Last week over on The Interpreter, Danielle Rajendram criticised what looks like the absence of India from PM-elect Tony Abbott’s priorities in Asia. China, Japan, South Korea and Indonesia are at the top of the list of countries for the new PM to visit, and India isn’t. But the PM can’t go everywhere first, and it’s hard to think which of these countries should be bumped further down the list to make room for India.
India is eminently deserving of attention. It’s the world’s 10th largest economy. It’s also a democracy, so we feel more confident that New Delhi wants the sort of world that Canberra and Washington want, and it abuts the world’s most important maritime trade route. It looks like a natural partner for Australia, which is why we have a reasonably strong diplomatic and economic relationship with India.
But we aren’t asking ‘Is India important?’—of course it is. What we’re asking is which countries should be the highest priority for the new Australian PM. That means identifying those countries that can provide us with the greatest opportunities, or where we can seek to mitigate our most serious risks. It’s hard to make the case that India should be in that top bracket.
On the economic front, India is very important to Australia. Its strongest role from our perspective is as a market for Australian exports. But even as an exporter, with a 4.7% share it’s behind everyone on that list but Indonesia as a buyer of Australian goods and services.
As a two-way trade partner, it’s even further behind in 10th place, with only 2.8% share; that’s less than Thailand, Malaysia, or Singapore. India’s growth has also been volatile—after a striking 10.5% annual GDP growth in 2010, it grew slower than Australia last year. And just at the moment its economic outlook isn’t rosy.
So it’s an important economic partner over the long term, but not a plausible candidate right now for the top bracket of Australia’s relationships on economic grounds.
It’s an even harder case to make on the basis of foreign policy. Because of our alliance with the United States (and our economic relationships in the region), Australia’s strategic risks are concentrated in the waters of East Asia, where America and its allies face intensifying competition with China. The effort to mitigate those is best focused on countries that are major players in that region, and our large near neighbour Indonesia. In fact, if we add the US, then that’s Mr Abbott’s list.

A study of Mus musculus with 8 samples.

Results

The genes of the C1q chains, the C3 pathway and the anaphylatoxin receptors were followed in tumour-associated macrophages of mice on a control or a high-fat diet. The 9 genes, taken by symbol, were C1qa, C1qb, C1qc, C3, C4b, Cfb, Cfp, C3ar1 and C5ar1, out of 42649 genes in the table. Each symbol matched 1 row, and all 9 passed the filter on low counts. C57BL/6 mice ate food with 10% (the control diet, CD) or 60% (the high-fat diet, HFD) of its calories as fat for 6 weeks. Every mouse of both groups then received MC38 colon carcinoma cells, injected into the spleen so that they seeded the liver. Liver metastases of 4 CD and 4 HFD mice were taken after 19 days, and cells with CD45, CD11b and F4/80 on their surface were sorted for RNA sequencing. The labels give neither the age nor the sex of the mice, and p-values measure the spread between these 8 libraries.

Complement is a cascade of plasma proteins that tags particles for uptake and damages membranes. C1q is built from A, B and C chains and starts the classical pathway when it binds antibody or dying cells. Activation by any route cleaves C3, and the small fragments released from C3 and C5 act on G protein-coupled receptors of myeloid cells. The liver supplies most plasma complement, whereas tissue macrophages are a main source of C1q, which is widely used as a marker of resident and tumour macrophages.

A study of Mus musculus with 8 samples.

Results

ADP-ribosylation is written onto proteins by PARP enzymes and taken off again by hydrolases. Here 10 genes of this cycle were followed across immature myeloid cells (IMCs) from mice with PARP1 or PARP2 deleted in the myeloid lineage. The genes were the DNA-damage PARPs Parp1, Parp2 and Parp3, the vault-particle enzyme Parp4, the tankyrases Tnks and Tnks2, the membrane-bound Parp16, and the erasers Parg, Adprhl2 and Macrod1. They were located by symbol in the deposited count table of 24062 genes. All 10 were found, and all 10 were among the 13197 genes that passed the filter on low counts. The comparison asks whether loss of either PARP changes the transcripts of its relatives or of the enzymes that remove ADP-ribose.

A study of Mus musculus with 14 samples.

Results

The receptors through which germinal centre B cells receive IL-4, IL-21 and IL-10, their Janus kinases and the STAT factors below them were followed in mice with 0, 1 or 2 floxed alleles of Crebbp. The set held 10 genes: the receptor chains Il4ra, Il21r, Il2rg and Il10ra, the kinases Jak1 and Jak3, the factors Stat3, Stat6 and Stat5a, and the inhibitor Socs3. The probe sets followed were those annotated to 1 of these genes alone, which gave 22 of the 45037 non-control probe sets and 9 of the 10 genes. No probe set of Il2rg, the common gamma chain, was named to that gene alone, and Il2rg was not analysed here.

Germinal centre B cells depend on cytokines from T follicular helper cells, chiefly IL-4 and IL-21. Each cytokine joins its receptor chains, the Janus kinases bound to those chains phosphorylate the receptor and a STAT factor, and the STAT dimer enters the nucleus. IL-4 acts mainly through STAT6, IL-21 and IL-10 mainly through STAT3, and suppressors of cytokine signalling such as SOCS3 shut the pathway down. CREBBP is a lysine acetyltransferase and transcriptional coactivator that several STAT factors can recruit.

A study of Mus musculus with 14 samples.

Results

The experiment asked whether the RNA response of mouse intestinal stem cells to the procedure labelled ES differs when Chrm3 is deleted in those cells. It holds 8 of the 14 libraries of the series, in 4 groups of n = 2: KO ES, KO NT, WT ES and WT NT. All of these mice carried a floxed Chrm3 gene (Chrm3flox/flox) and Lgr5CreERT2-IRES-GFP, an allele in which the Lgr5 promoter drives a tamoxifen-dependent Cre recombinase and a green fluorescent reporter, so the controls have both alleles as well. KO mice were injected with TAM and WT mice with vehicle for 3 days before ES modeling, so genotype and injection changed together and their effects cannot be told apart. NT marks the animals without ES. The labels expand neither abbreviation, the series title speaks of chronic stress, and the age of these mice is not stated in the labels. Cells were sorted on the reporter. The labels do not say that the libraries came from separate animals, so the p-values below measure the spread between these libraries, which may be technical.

India is too strategically inert to play a significant role in mitigating the risks to Australia that are inherent in East Asia’s changing power relativities—at least in the near to medium term. And if that changes, it won’t be because of Canberra’s relationship with New Delhi, but because of a more complicated set of relationships including Tokyo and Washington. And it’s difficult to see how closer ties between India and Australia could seriously benefit the security of the Indian Ocean’s massive trade routes (which I’ve written more on here).
India is important to Australia. 5% is a big slice of our export market, and it’s hard to overlook a country of 1.2 billion people. And it may well become more important in the future. It’s just further down the list than our partners in East Asia like Japan and South Korea, because it isn’t as important economically, and it doesn’t provide us with the same opportunities to mitigate our strategic risks. Mr Abbott’s suggested itinerary looks good, so let’s hope there isn’t too much pull to the Indian Ocean from his West Australian cabinet colleagues in Foreign Affairs and Defence.
Harry White is an analyst at ASPI. Image courtesy of Wikimedia Commons.